San Antonio financier Morris Jaffe was the first to go before the panel, entering the hearing room in the Capitol basement with his Washington lawyer, Stanley Brand. Jaffe and four others "stood up" the committee a week ago when two members traveled to San Antonio to interview them."I hope they will cooperate, for the sake of getting this task completed," said Rep. John T. Myers, R-Ind., the panel's senior Republican. Myers said the work of inquiring into the gas well venture was tying up committee staff who otherwise could be preparing for a disciplinary hearing for Wright, expected to come late this month.

The committee is seeking to clear up circumstances under which Wright and his business partner, George Mallick, were brought into the well venture in Sabine Lake near the Texas-Louisiana line, and parlayed an initial cash outlay of $9,120 into a $340,000 profit in less than five months.

In a 23-page defense the investors issued Monday by Brand they argued that the well was a legitimate business venture and not, as ethics committee counsel Richard Phelan argued, a potential funnel for gifts to Wright.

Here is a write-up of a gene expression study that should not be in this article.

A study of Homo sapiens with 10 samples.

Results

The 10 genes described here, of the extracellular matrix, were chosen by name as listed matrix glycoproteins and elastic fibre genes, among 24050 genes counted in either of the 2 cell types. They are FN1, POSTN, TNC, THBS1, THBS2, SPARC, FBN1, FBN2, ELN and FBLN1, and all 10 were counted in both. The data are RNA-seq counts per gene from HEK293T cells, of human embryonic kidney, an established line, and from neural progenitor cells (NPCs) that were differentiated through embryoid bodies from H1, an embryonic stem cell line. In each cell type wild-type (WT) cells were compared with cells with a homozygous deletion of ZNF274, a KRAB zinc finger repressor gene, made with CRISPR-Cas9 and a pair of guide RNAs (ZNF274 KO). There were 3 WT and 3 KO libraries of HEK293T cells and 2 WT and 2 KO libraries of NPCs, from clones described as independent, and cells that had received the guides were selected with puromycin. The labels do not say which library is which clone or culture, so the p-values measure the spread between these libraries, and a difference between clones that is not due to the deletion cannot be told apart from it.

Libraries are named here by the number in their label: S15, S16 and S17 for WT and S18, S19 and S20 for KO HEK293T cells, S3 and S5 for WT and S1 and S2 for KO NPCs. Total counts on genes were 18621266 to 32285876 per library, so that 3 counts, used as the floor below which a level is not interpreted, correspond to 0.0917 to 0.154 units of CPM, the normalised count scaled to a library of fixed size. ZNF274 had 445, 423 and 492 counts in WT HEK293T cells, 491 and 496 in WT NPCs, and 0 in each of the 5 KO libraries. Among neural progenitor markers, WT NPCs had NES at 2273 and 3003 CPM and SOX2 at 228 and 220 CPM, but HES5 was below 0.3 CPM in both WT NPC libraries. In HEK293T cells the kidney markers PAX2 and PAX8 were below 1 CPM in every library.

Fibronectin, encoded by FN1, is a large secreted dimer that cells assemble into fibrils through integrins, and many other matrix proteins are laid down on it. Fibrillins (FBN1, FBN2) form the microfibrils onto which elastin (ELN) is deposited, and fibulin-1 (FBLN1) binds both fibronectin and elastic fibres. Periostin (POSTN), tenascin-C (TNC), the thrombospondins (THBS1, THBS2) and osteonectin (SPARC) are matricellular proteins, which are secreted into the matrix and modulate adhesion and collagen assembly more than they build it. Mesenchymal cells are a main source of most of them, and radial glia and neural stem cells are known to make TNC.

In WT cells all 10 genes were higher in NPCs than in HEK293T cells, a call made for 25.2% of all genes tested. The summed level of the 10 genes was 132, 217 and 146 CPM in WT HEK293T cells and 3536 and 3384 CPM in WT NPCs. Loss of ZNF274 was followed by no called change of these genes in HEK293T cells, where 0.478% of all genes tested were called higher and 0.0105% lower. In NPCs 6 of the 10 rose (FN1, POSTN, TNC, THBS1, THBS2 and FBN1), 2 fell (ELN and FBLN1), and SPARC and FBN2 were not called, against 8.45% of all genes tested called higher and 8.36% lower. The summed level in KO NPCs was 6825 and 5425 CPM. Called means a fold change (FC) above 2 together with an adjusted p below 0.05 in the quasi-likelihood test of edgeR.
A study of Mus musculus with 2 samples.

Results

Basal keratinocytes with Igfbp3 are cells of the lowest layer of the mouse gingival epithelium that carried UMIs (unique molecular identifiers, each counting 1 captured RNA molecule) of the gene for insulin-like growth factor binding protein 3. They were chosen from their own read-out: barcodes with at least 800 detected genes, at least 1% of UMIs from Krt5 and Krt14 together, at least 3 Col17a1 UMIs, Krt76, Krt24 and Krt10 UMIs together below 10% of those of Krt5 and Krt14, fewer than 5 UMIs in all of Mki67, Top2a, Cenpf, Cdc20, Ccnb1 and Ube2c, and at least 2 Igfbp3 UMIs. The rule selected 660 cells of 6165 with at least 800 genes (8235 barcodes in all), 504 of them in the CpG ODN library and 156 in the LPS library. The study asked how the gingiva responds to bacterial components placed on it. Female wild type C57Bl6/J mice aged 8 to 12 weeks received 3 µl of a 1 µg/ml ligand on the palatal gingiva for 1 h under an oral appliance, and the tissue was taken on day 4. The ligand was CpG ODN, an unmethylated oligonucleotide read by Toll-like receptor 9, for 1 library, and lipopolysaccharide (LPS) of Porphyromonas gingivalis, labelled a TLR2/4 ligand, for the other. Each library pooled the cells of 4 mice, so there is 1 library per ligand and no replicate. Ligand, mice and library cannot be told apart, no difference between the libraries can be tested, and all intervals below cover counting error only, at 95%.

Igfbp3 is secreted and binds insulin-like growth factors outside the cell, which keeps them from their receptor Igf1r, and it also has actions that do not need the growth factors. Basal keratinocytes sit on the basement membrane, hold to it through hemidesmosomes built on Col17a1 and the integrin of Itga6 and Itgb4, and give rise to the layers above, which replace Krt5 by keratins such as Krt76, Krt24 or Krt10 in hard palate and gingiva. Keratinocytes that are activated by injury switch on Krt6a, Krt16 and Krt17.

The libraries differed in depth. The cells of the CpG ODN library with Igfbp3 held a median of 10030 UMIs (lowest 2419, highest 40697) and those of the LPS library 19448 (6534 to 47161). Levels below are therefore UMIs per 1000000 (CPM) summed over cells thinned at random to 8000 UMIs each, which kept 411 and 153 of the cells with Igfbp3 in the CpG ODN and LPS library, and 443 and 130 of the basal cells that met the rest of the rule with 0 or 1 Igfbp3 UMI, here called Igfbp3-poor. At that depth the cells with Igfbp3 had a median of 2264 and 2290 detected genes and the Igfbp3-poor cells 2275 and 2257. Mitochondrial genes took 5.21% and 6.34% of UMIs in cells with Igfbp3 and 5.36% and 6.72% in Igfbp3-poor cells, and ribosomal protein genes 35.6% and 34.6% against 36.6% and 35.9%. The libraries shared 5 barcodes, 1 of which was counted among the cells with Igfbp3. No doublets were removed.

The investors say they still plan to invest more into sinking another well at the site in hopes of freeing millions of dollars worth of gas and petroleum.

Also subpoenaed were Jaffe's son Doug, president of the family's companies; Marlyn Cherry, the Jaffes' bookkeeper; Doug Prestridge, a geologist; and Dave Myers, who supplied the well drilling equipment.

In a related matter, Wright on Tuesday defended his use of the Congressional Record to praise a video program his wife helped develop, but a member of the House ethics committee said the panel might have to look at the incident.

"I don't think there's anything improper about it," Wright told reporters. "I think it's a tempest in a teapot." But Myers said the situation "certainly does raise a question" and could be discussed by the ethics committee.